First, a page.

Pastor Scott Erdman is using his experiences to encourage and support other cancer patients.
He is believed to be one of the longest-living survivors of these types of tumors, and he has no evidence of residual cancer, says his neurosurgeon, Keith Black, MD, chair of the Department of Neurosurgery at Cedars-Sinai.
Now the retired pastor is using his experiences to encourage and support other cancer patients.
While watching a tennis game on TV, Erdman noticed a small lump in his armpit. When it was still there a week later, he mentioned it to an oncologist friend who said the odds of it being anything other than an inflamed lymph node were about 99 to one. It turned out to be melanoma. Doctors removed a tumor and 24 surrounding lymph nodes. Despite the three-year prognosis, Erdman celebrated five years of being cancer-free in 1986.
A month later, doctors discovered a malignant tumor in his gut. They removed it and two years later, removed yet another one.
Then in 1991 – 10 years after his first cancer diagnosis –Erdman started getting headaches. An MRI revealed three brain tumors – the largest the size of an orange. Even worse, all three tumors were located in highly sensitive areas of the brain. Lying on a gurney in the Emergency Department at UCLA Medical Center, Erdman met the young neurosurgeon who would join the fight on his behalf.
Conventional wisdom at the time was to treat the tumors with whole brain radiation. Surgery to remove multiple metastatic tumors in the brain was not recommended, as most doctors felt it was too dangerous and would only cause additional pain and suffering.
But Black objected. Whole brain radiation had great potential to create serious collateral damage and could only offer the patient an additional six months at best. On the other hand, he felt there was a good chance of controlling the tumors in Erdman’s brain with surgery. “We need to do something more radical,” he insisted.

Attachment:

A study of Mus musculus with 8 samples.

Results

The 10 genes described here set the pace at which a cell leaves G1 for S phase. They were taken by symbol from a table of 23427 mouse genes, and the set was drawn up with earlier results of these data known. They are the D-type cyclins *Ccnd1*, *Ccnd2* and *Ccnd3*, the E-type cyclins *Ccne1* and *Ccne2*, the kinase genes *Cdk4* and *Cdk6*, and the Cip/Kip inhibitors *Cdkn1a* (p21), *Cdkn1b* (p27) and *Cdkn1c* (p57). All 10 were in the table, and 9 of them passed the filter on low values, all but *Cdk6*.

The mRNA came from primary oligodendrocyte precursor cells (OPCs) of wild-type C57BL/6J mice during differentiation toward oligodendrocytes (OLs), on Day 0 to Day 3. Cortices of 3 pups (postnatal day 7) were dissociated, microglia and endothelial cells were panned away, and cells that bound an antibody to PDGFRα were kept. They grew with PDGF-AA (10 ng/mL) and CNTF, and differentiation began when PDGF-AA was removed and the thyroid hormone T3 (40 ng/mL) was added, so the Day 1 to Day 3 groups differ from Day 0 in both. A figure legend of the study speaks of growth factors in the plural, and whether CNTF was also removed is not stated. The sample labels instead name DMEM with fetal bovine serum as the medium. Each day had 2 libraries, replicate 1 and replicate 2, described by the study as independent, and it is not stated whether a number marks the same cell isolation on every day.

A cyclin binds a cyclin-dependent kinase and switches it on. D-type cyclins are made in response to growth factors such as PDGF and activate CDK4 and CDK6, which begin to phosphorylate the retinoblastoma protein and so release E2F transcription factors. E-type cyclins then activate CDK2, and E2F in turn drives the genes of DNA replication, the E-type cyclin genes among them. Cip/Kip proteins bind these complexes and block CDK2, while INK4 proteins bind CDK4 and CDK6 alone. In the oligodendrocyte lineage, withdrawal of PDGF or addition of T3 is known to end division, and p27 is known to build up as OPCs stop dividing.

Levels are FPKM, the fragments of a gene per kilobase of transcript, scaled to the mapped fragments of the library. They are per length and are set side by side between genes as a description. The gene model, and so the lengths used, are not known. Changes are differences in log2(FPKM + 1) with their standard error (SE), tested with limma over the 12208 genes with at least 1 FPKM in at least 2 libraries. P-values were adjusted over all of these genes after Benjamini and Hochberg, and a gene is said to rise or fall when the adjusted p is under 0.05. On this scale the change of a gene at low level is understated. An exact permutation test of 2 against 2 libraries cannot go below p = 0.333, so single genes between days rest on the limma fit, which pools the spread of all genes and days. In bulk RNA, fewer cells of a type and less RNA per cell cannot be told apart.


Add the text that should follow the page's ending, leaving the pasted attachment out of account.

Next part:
He already had a weapon in mind. Once the tumors were surgically removed, Black would use stereotactic radiation therapy – also known as the XKnife – which was new at the time. This nonsurgical tool directs focused X-ray beams into the brain from a ring around the patient’s skull. Unlike whole brain radiation, these X-rays can be aimed specifically at the tumor. With surgery and the XKnife, Black felt he could give Erdman as much as an extra 18 months. Another doctor disagreed, leaving Erdman to cast the deciding vote. He opted for surgery and the XKnife, saying, “I want a chance for longer survival.”
The surgery and treatments were successful, but the battle wasn’t over. A year later, in 1992, another brain tumor showed up and was treated. In 1994, cancer returned, and Erdman’s left kidney, spleen, part of his pancreas and some lymph nodes were removed.
For several years, Erdman remained cancer-free, only returning annually for MRIs and to see Black, who had moved to Cedars-Sinai and would become chair of the Department of Neurosurgery.
But at Erdman’s 2008 visit –14 years since his last cancer battle – Black said, “Scott, I need you to come look at this.”
As he looked at the images on the monitor, Erdman saw two small lesions and said, “I’m done.”
But Black said, no, they’re very small. “We’ll blast them with the Gamma Knife.”
Once again, Erdman beat the odds. He’s been in remission since 2010 and retired earlier this year after 29 years as associate pastor of the Hollywood Presbyterian Church.
“Now I have more time to focus on encouraging others,” he said. “It’s a miracle I’m alive.”